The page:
Kajuga banned for refusing drug test


Kajuga crosses the finish line to win the Nyanza peace race last weekend. He has been banned for four years over refusal to take a drug test. (G. Asiimwe)

Regional Anti-Doping Organisation (RADO) has slapped a 4-year ban on Rwandan Olympian Robert Kajuga for refusing a doping test.

The 31-year-old athlete represented Rwanda in the 10,000 metres at the 2012 Summer Olympics in London where he finished 14th.

Rwanda Athletics Federation secretary general Johnson Rukundo confirmed the news which he described as a surprise.

“We were also surprised to see the letter indicating that the athlete is banned for four years because he refused to be tested.”

“The athlete did not refuse to be tested, but informed RADO, that he had just done a test in Nairobi, Kenya, and he was preparing for a competition,” Rukundo told Times Sport.

However, Rukundo noted that athletes should understand that they have to be tested at any time since the agency comes specifically for a particular athlete at any time.

But the “good news”, the official said, is that the athlete has appealed and a hearing is expected this week.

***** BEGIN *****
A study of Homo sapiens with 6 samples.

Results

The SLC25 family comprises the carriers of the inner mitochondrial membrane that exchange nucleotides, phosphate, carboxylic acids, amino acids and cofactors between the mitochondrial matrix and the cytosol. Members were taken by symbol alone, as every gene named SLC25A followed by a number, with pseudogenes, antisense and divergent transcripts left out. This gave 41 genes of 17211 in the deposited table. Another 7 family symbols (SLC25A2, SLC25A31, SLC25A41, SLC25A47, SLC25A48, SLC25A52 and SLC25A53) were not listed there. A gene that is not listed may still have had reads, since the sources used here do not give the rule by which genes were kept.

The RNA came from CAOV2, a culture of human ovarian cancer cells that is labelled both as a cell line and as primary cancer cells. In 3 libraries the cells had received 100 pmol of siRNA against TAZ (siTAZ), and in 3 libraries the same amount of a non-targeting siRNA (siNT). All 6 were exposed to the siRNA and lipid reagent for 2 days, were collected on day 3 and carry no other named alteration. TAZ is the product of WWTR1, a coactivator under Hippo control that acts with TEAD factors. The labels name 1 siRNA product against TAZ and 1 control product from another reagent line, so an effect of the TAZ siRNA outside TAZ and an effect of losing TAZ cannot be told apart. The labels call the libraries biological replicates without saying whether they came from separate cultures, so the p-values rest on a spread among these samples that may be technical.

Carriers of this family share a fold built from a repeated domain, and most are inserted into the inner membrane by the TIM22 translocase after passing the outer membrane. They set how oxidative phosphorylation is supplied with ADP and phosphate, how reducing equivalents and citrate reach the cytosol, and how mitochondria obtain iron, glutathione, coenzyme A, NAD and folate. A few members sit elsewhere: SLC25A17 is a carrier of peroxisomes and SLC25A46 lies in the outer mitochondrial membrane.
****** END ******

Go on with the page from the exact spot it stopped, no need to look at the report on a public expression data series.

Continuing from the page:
Rukundo added, “We are also waiting for the outcome of the appeal. We cannot send him to any competition because he is currently blacklisted.”

According to a letter from RADO, the long-distance runner failed to turn up for a random test in May last year before the Kigali International Peace Marathon.

In that same month, the International Association of the Athletics Federation (IAAF) had requested the Rwanda National Olympic and SportsCommunity RNOSC for the athlete to be tested before the event.

The Olympian, who had just recovered from a ruptured Achilles tendon that threatened his career, claims he had been in Nairobi earlier.

“I never refused to be tested. I had just completed the test in Kenya,” Kajuga said.

Last weekend Kajuga won the 15km Nyanza Peace Race in Nyanza town after clocking 45 minutes, 33 seconds and 70 microseconds.

He noted, “Before the marathon, I was nursing an injury; I was not aware of any test, only to be surprised when I was asked to carry out one. I was surprised by the letter from the anti-doping agency that they have banned me.

I have appealed, and I am waiting for a chance to defend myself before the agency.”

Efforts to speak to the Rwanda National Olympic and Sports Committee were futile as RNOSC vice president, Phophine Muhimpundu, who is in charge of overseeing the test, is reported to be in Nairobi where she is attending an anti-doping workshop.

The Director of Sports in the Ministry of Sports and Culture, Emmanuel Bugingo, said the ministry is aware of the ban but declined to comment further on the issue.

Kajuga’s ban is the first in the history of Rwanda athletics, and it comes at a time when several athletics powerhouses like Kenya, Russia and Ethiopia are in the spotlight over doping cases.

The IAAF, with support from the World Marathon Majors, plans to open a new international testing facility in Nairobi to assist regional countries in the fight against doping.